My new book, “Hero: Being the Strong Father Your Children Need,” was recently released, and I have absolutely loved hearing all the stories that have been pouring in about dads who are committed to being the hero their family deserves and needs.
On the latest episode of my Parenting Great Kids podcast, I had the pleasure of speaking with my friend and the quarterback for the Los Angeles Chargers, Philip Rivers. He’s a strong man whose priorities are of faith, family and football, in that order.
While it would be easy to put life on autopilot, I loved hearing about how intentional Philip is about being present for his children, and making sure he exhibits the behaviors and habits to them that the expects from them.
Philip strives every day to embody what it means to be a hero dad. And for those of you who are making the same daily choices to show up for your family, here are three things to remind yourself of regularly.
1.) Children define “hero” much differently than most men do. As a pediatrician, one of the big things that I KNOW to be true from my many years of practice is how children perceive their parents — particularly, how they view their fathers.
Listening to kids and then talking to their fathers, I can see a huge disconnect. Fathers see themselves in one way, but their child sees them in another way entirely. If I ask most fathers if they feel like a hero, they normally say, “No, of course not. I’ve never really done anything brave or heroic.”
But if you ask a child who her hero is, she will most likely say, “My dad!”
To a small child, his father is larger than life. Men, you must understand that your children view you very differently than you view yourself.
2.) Never take time with family for granted. If you get a chance to listen to my episode with Philip Rivers, you’ll hear that this is a huge focus for him. Family time is so important. Remember that being a father brings long-term joy — is it really worth staying those extra few hours at work when you could be home with your wife and kids?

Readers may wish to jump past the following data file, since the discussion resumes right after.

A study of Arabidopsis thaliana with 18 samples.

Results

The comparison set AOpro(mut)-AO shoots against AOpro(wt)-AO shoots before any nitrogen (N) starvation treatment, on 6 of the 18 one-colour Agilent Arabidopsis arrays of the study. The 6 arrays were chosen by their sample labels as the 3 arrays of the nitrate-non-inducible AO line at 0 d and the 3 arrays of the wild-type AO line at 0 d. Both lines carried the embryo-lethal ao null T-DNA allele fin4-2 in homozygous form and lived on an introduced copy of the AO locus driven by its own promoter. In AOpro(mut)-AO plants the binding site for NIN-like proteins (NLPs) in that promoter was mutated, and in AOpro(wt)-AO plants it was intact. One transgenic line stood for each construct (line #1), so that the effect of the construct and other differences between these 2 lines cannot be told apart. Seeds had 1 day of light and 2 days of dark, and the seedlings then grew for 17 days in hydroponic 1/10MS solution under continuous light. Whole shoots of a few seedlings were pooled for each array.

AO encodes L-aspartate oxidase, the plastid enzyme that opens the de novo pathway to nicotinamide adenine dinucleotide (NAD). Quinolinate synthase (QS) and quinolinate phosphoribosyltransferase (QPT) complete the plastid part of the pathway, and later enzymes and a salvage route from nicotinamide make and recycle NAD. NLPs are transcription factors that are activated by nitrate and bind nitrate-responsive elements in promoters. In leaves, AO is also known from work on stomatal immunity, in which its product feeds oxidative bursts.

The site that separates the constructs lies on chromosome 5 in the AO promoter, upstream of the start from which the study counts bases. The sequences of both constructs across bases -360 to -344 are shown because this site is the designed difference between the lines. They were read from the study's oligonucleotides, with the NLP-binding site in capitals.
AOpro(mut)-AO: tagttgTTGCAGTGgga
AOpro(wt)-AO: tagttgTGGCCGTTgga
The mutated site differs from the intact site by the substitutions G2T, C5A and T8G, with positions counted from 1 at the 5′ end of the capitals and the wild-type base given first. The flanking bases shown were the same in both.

Don’t let your identity get wrapped up in a job. Your work won’t sit at your bedside at the end of your life telling you what you meant to it — but your kids and family members will. When you make a conscious effort to invest in family, the payoff is enormous.
3.) Know that whatever you do with your children is magnified. Because you are larger than life in your child’s eyes, whatever you do with them, whatever time you spend with them, is magnified in their minds. For example, if you took them to the park once a month when they were small, when they are grown up and looking back over their childhood, their mind perceives that you took them to the park three to five times a month.
In a child’s eyes, time with you, Dad, becomes magnified. The time you invest with your children has a far bigger impact on them than it does on you. Remember that.
Most all dads have what it takes to be a hero dad — they just don’t know it. And it is often the small things that are more crucial and game-changing than the big ones in the eyes of their children.
Dads, the things that your kids will often remember the most can easily be the things you take for granted. The great news is that you get to choose every day what kind of dad you are going to be.
Choose to be a hero!
Dr. Meg Meeker has practiced pediatrics and adolescent medicine for more than 30 years. She is the author of the new book, “Hero: Being the Strong Father Your Children Need” (Regnery Publishing, May 2017), as well as a number of digital parenting resources and online courses, including The 12 Principles of Raising Great Kids.